3 out of 4 stars
Had this new documentary from first-time director Avi Belkin concentrated solely on the 37 years Mike Wallace worked as a correspondent for “60 Minutes,” it would been well worth the price of admission. Wallace was a link of sorts between the Murrow/Cronkite old-school and the “gotcha/ambush” style of scandalous “news” currently being practiced by dozens of mostly inferior “60 Minutes” knock-offs.
You know you’ve made a very good biographical documentary when, if the subject of the movie were to watch it, they’d either react with true, blushing modesty or cry bloody foul. That’s the only way you’ll know you did the right thing. This is one of those “cry bloody foul” types of affairs. Belkin would have angered Wallace not because he wasn’t fair but perhaps because he was a little too fair and flat-out refused to sugarcoat any of it.
Long before starting with CBS News in the mid ’60s, Wallace spent more than a quarter-century doing quiz shows, episodic radio and variety TV and eventually the acclaimed “Mike Wallace Interviews” for ABC — where he was never seen without a cigarette in his hand. Several years later Wallace was still getting paid for smoking the Parliament brand on air.
This was followed by three years co-hosting the “CBS Morning News” which was followed by “The Homosexuals” — a “CBS Reports” documentary not mentioned by Belkin for which Wallace — who later expressed regret for his participation — can extend him a post-mortem thank you.
It should come as no surprise to anyone that the meat and potatoes of the movie comes with the lion’s share of time Belkin dedicates to Wallace’s career on “60 Minutes.” While most of it is stuff we’ve already seen in countless anthology episodes, it’s never been delivered with this much speed and economy without commercial interruption.
On the upside, it’s packed with the rich and famous but is surprisingly lacking in any of the nonhousehold name folks who would know they’d probably be going to jail soon whenever their secretaries buzzed them and said “Mike Wallace is here.” Just 90 seconds of snippets like these would have bumped up the overall rating a half star. It would have also lent the title a bit more irony.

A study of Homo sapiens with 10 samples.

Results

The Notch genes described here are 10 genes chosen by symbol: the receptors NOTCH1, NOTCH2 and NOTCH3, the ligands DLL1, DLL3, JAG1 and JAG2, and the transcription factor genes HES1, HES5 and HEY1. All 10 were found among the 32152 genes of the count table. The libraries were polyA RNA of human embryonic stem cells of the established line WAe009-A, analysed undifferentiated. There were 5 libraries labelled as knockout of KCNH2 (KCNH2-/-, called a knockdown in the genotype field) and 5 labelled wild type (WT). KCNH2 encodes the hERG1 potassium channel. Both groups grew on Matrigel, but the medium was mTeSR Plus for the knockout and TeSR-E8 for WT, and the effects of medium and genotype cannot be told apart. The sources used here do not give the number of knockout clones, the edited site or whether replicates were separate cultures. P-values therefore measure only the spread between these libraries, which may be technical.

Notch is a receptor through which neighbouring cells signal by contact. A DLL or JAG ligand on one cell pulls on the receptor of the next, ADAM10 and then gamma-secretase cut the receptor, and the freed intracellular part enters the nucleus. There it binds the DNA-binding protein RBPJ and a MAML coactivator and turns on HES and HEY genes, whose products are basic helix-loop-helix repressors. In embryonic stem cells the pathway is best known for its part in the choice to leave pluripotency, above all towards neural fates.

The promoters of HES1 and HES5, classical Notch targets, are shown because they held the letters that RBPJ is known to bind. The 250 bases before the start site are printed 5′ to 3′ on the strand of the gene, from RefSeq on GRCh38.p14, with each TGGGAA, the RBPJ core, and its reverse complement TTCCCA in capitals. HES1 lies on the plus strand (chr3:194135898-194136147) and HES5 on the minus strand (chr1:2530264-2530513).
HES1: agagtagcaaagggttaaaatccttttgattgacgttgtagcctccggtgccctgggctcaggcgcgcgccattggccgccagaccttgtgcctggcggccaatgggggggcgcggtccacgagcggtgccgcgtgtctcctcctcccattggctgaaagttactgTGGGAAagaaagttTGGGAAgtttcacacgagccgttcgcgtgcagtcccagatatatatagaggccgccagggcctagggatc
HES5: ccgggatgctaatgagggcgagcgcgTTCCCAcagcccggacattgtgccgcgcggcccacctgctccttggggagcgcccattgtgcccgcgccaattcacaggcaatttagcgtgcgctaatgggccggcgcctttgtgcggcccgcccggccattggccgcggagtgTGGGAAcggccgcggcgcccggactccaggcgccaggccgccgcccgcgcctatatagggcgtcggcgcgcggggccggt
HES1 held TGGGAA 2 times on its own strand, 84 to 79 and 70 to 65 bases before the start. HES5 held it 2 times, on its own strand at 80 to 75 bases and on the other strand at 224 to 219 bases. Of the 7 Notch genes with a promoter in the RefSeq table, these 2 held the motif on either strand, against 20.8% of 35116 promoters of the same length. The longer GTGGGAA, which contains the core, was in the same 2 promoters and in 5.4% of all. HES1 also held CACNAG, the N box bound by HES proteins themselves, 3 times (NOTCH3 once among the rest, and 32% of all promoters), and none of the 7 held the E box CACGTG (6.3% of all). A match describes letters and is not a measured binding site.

Where Belkin really earns his keep is in the last half hour, when he starts delving into the man Wallace was off-camera. Almost immediately, “60 Minutes” became a huge hit and created the archetype of the news magazine format. While the bulk of the credit for “60 Minutes” needs to be lavished on creator and show runner Don Hewitt, Wallace was the face and the breakout star. This is not meant to discount original co-host Harry Reasoner and the soon-to-arrive Morley Safer, but it was Wallace’s show and he knew it — almost too well.
It didn’t take long for Wallace to morph into the proverbial 800-pound gorilla — throwing his weight around and wrangling for air time. This behavior wasn’t any different than that of future divas (male or female) who would follow in his wake, but because he was first he received the most notice, good and bad.
What wasn’t known to many at the time — and is much the revelation here — were the events in Wallace’s personal life that galvanized his gruff, virtually impenetrable exterior. A family tragedy from the early ’60s not only forever took its toll on Wallace and shaped his viper-like aggressive approach; it made him one of the most respected and unapproachable figures in the history of American journalism.
The movie hits its emotional zenith in the final act when the preeminent American reporter is interviewed by his son Chris and then Safer. Try as they might, they can never fully get Wallace to totally drop his guard or collapse in a revelatory, emotional heap. It’s not clear if he is merely refusing to lay his soul bare or if he’s actually incapable of doing so.
Or maybe Wallace had become so used to being in charge while on one side of the microphone, being on the other side was impossible to fathom. Whatever the case, Wallace remained forever tight-lipped and kept his fellow busybody news hounds at bay for the rest of his days.